August 11, 2022

A Hotel Designer Who Splashed Bright Colors Into Hospitality’s Drab

Skift Take Carleton Varney leaves behind a legacy that gave hotel operators the freedom to…

A Hotel Designer Who Splashed Bright Colors Into Hospitality’s Drab

Skift Take

Carleton Varney leaves behind a legacy that gave hotel operators the freedom to break from bland playbooks on design, and that challenged them — Dare to be bold.

Carleton Varney, a renowned interior decorator whose love of audacious colors defied convention in the all-too-often cookie cutter world of hotel interiors, died earlier this month in West Palm Beach, Florida. He was 85, and his death came after a long illness.

He worked not only in revamping such landmark hotels as The Greenbrier resort in White Sulphur Springs, West Virginia, the Grand Hotel on Michigan’s Mackinac Island and The Breakers in Palm Beach, Florida, but he also lent his flair for color to cruise ships and homes across the globe. His work extended to the estates of the ultra wealthy and the White House. His star clients included Jimmy Carter, Joan Crawford, Fay Wray, Joe Namath, Judy Garland and Ethel Merman, among many others.

Carleton Varney in a recent photo in Washington, DC. Source: Wikimedia.

Varney learned his design aesthetic starting first as a draftsman, and then working closely with design doyenne Dorothy Draper before heading her company, Dorothy Draper & Company, as owner and president for nearly six decades. He bought the company after her death in 1969.

Both Varney and Draper were known for their use of colors as rich as emerald green, melon orange, and azalea pink.

Varney’s work included designs for “the Westbury Hotels in London, Dromoland Castle, Sheraton Waikiki, Cunard’s Queen Elizabeth II, The Plaza and the Waldorf Towers. His design talent was also put to use in the Charlotte Motor Speedway Clubhouse, the Cleveland Browns uniforms and the USS Sequoia, which is better known as the presidential yacht,” according to an obituary in WWD.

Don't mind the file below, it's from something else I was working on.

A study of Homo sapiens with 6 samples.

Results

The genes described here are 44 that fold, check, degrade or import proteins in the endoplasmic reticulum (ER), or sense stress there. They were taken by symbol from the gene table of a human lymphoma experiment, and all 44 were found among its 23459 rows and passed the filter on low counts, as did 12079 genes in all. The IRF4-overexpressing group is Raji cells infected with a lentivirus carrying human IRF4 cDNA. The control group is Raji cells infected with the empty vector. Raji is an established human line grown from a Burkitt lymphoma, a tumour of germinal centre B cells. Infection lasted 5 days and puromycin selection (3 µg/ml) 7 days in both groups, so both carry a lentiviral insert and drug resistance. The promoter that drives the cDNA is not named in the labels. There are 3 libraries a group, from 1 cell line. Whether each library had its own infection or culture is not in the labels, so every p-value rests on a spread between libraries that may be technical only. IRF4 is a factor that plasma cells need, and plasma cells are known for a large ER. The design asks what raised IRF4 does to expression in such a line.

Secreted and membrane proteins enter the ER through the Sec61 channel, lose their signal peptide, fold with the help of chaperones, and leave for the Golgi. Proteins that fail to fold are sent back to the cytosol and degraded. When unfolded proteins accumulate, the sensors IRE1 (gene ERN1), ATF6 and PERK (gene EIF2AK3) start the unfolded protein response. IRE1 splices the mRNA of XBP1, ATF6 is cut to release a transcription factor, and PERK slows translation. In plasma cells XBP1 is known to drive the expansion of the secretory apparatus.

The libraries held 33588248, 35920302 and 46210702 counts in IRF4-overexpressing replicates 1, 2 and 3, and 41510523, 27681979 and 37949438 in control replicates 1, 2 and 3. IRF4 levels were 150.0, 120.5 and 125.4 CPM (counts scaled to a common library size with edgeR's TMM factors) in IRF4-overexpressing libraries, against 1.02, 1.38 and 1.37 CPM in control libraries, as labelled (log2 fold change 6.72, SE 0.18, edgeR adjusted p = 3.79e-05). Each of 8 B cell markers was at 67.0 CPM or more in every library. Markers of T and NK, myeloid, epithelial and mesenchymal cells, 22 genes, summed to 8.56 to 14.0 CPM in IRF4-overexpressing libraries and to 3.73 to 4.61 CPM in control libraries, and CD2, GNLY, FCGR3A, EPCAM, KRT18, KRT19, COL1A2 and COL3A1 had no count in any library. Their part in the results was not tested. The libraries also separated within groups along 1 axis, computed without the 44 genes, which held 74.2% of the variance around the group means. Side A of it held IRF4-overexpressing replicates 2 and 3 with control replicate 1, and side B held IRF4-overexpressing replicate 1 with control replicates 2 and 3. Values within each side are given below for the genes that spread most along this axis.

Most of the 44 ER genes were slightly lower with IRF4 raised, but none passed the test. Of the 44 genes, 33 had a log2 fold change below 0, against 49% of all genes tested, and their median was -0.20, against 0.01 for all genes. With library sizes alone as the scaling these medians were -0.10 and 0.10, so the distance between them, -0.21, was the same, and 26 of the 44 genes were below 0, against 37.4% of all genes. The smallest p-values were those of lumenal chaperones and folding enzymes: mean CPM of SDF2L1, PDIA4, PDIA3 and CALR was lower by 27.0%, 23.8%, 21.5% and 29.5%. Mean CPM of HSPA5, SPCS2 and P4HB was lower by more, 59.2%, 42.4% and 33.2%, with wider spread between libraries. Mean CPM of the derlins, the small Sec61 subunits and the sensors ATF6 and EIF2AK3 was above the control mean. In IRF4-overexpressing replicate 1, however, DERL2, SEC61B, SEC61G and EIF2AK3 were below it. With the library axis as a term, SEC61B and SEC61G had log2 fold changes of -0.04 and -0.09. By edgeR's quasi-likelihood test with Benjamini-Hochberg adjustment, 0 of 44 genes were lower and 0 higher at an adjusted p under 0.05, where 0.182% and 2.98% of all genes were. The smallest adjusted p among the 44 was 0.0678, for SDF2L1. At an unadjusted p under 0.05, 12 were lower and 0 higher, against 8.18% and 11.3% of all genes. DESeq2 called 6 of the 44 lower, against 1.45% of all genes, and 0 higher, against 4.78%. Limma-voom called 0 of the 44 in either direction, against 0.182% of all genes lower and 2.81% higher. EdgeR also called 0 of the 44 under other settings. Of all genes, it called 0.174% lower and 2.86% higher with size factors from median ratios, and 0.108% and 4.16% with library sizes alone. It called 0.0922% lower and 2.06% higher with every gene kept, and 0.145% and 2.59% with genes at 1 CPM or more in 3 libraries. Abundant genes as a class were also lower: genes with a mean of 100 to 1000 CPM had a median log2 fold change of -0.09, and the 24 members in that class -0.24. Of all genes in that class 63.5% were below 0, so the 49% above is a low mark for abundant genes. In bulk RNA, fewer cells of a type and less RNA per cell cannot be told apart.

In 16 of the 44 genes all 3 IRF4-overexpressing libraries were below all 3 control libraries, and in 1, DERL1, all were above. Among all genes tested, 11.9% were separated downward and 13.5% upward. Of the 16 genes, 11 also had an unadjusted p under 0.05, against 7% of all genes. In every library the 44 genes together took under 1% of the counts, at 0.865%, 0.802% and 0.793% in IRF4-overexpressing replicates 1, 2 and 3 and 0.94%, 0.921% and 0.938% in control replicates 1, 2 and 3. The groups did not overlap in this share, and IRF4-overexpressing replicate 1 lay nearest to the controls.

“Most people don’t understand that the visual is everything — the doorknobs, the hardware — I see everything. Rooms talk to me,” Varney once told WWD. “People become more conservative as they get older. They lose the freedom of being a child in the paintbox. They need confirmation and they want to be part of the group.”

Varney’s also owned textile and wallcovering company Carleton V Ltd. He was seen on the “Live Vividly” show on the Home Shopping Network and penned dozens of books, including “There’s No Place Like Home: Confessions of an Interior Designer,” “In the Pink: Dorothy Draper, America’s Most Fabulous Decorator,” and “Houses in My Heart: An International Decorator’s Colorful Journey.”

Never one to shy away from telling it straight, Varney loved to share his travel experiences and offer bold critiques.

“I once went to a hotel on my way back from Bora Bora, and the carpet was a knobby gray, and the walls were beige with white trim, and the curtains were gray-beige,” Mr. Varney told The Washington Post in 2020. “Even the art was beige. I went into the travertine bathroom, and when I came out, I thought I was naked in a bowl of oatmeal.”